As UN climate talks kick off in Poland this week, arguments about money are likely to take center stage. That's nothing new, as the annual conference enters its nineteenth year. But this year's twist to a familiar tale -- concerns about a lack of money to assist developing countries in dealing with the climate crisis -- is a strategic shift by rich countries to a more fundamental, and troublesome, debate about what even counts as "climate finance."
The United Nations Framework Convention on Climate Change (UNFCCC) is actually quite clear on this point: climate finance refers to the transfer of public resources from rich countries to developing countries to support action on climate change -- both to reduce or avoid greenhouse gas emissions (mitigation) and to deal with the climate impacts that are already happening (adaptation).
Underpinning this is the idea -- affirmed by the UNFCCC -- that rich countries have a responsibility to lead on climate action because it is their historical emissions that have caused the climate crisis. Meanwhile, poor countries that have not caused climate change -- as so tragically illustrated by the Philippines in recent days -- are those most vulnerable to climate impacts. Climate finance, based on the "polluter pays" principle, is thus an obligation of rich countries. It is not aid or charity; it is a moral and legal responsibility.
Unfortunately, rich countries have been unwilling to provide the kind of public, grant-based climate finance that is required of them ethically and legally, despite many proposals laying out how they might generate funds for this purpose. Instead, they want to count climate-friendly private investments towards their climate finance obligation, effectively lowering the bar for the amount of public funds they would have to provide.
Climate finance, the proponents argue, should essentially be thought of as any financial flows towards climate-friendly action. Solving the problem of global climate change is impossible without huge shifts in private sector investments, since this sector represents trillions of dollars and the vast majority of economic activity around the world. So those arguing against measures to "leverage" (encourage) private sector climate finance are basically delusional, and are failing to acknowledge the sheer scale of the problem the world faces.
This is a bit of a straw man. No one is arguing against making private-sector activity more climate friendly. But that's what policy change and regulation is for. That's why people are arguing for policies like carbon taxes, large-scale shifts in subsidy regimes away from the fossil fuel industry, and so on. It's the role of national governments, not the UNFCCC or its Green Climate Fund, to effectively regulate markets, shifting incentives so that trillions of dollars of private investments will flow to sustainable, climate-friendly activities.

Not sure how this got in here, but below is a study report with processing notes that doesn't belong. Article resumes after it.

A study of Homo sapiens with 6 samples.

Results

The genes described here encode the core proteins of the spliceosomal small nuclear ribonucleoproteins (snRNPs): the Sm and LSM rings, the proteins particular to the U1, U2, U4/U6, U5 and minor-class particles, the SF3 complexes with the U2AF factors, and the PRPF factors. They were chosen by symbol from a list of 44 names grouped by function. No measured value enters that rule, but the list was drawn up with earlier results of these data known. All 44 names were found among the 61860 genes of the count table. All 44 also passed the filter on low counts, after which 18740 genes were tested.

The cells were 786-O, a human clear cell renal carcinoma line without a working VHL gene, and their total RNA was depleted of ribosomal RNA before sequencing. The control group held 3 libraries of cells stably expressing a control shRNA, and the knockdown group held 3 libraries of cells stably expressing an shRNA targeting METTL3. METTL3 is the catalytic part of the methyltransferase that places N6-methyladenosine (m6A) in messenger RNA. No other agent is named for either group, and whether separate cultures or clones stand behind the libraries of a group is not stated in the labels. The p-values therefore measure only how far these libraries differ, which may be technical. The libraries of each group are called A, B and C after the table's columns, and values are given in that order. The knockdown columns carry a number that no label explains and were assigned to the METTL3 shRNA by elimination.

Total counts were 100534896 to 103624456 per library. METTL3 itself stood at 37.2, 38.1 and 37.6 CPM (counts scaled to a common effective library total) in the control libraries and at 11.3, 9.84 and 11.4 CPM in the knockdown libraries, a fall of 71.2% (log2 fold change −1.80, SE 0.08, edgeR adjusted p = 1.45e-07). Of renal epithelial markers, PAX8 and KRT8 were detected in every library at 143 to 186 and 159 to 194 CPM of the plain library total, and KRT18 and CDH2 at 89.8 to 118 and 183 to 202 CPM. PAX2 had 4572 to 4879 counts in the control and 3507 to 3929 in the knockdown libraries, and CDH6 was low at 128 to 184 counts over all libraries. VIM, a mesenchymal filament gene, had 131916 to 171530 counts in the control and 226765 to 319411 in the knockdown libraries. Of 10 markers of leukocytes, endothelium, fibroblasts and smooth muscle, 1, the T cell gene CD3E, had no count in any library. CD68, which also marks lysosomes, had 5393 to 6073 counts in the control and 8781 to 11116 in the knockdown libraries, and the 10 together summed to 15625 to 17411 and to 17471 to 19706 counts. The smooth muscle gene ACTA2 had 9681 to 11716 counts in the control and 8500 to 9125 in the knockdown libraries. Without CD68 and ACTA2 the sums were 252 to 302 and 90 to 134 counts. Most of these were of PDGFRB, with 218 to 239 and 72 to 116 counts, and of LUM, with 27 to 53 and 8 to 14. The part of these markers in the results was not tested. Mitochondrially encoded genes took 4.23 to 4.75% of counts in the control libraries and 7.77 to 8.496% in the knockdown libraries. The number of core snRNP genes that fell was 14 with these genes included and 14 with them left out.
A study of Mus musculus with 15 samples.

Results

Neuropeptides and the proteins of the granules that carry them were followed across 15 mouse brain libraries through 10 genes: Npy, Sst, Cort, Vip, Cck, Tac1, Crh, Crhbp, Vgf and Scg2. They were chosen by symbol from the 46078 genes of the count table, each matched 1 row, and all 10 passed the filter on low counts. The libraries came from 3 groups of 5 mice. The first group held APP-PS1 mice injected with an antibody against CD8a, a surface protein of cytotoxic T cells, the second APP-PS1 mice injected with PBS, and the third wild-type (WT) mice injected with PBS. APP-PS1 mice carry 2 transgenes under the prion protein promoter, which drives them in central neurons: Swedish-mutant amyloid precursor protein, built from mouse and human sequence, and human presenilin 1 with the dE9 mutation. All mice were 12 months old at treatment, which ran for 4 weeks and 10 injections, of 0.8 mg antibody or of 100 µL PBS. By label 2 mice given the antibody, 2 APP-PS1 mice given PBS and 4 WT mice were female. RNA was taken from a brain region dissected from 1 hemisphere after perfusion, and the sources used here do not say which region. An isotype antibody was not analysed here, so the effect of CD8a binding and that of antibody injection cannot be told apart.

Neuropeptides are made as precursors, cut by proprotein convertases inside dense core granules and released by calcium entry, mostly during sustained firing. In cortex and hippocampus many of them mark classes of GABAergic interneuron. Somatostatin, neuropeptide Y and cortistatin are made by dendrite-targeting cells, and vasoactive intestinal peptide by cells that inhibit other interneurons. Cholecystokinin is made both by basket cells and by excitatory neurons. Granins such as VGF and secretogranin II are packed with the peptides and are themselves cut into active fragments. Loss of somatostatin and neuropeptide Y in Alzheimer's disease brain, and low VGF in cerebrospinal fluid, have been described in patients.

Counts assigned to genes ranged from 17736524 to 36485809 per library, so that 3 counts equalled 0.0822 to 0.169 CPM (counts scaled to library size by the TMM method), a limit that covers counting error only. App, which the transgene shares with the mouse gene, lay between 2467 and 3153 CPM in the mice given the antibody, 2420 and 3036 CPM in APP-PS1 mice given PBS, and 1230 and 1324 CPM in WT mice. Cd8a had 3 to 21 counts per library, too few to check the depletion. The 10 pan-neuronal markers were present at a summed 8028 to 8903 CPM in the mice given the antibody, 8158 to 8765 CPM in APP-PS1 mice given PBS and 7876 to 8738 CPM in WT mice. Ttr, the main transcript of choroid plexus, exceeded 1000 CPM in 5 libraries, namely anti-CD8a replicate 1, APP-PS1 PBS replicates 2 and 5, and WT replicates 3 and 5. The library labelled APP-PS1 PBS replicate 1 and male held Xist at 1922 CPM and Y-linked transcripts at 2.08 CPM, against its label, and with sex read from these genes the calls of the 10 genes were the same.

By substituting this broader debate about climate-friendly investment for the UNFCCC-specific one, rich country governments remove crucial concepts like historical responsibility, polluter pays, and geopolitical fairness (in the context of historically unjust North-South relations) from the conversation. What's more, they paint civil society and developing country governments that provide alternative views as obstructionists divorced from the supposed reality that massive flows of private-sector investment are the only politically feasible form of "climate finance."
But private finance does not match up well with the principle and practice of climate finance as defined in the UNFCCC context. Because private investment by definition seeks profits, the idea of "private climate finance" is a perversion of the polluter pays principle -- like allowing BP to earn a return on investment for cleaning up the Gulf after the Deepwater Horizon debacle. Furthermore, private investment is ill-suited to reach the poor and marginalized communities who most desperately need adaptation finance and access to clean energy. Reaching these communities is unlikely to be a profitable endeavor, especially in the short term.
Rather than simply being denialist about the private sector, critics of "private climate finance" are fighting to ensure that, in the context of historical injustice between North and South, the poorest and most marginalized are able to access their fair share of climate finance. Loan-based financing and private sector investments are not the answer for those most vulnerable to climate impacts. If we value human rights, with every life and livelihood counting as much as any other, then ensuring that the countries and communities unjustly affected by the worst of climate change can access adequate finance is an absolute, non-negotiable need.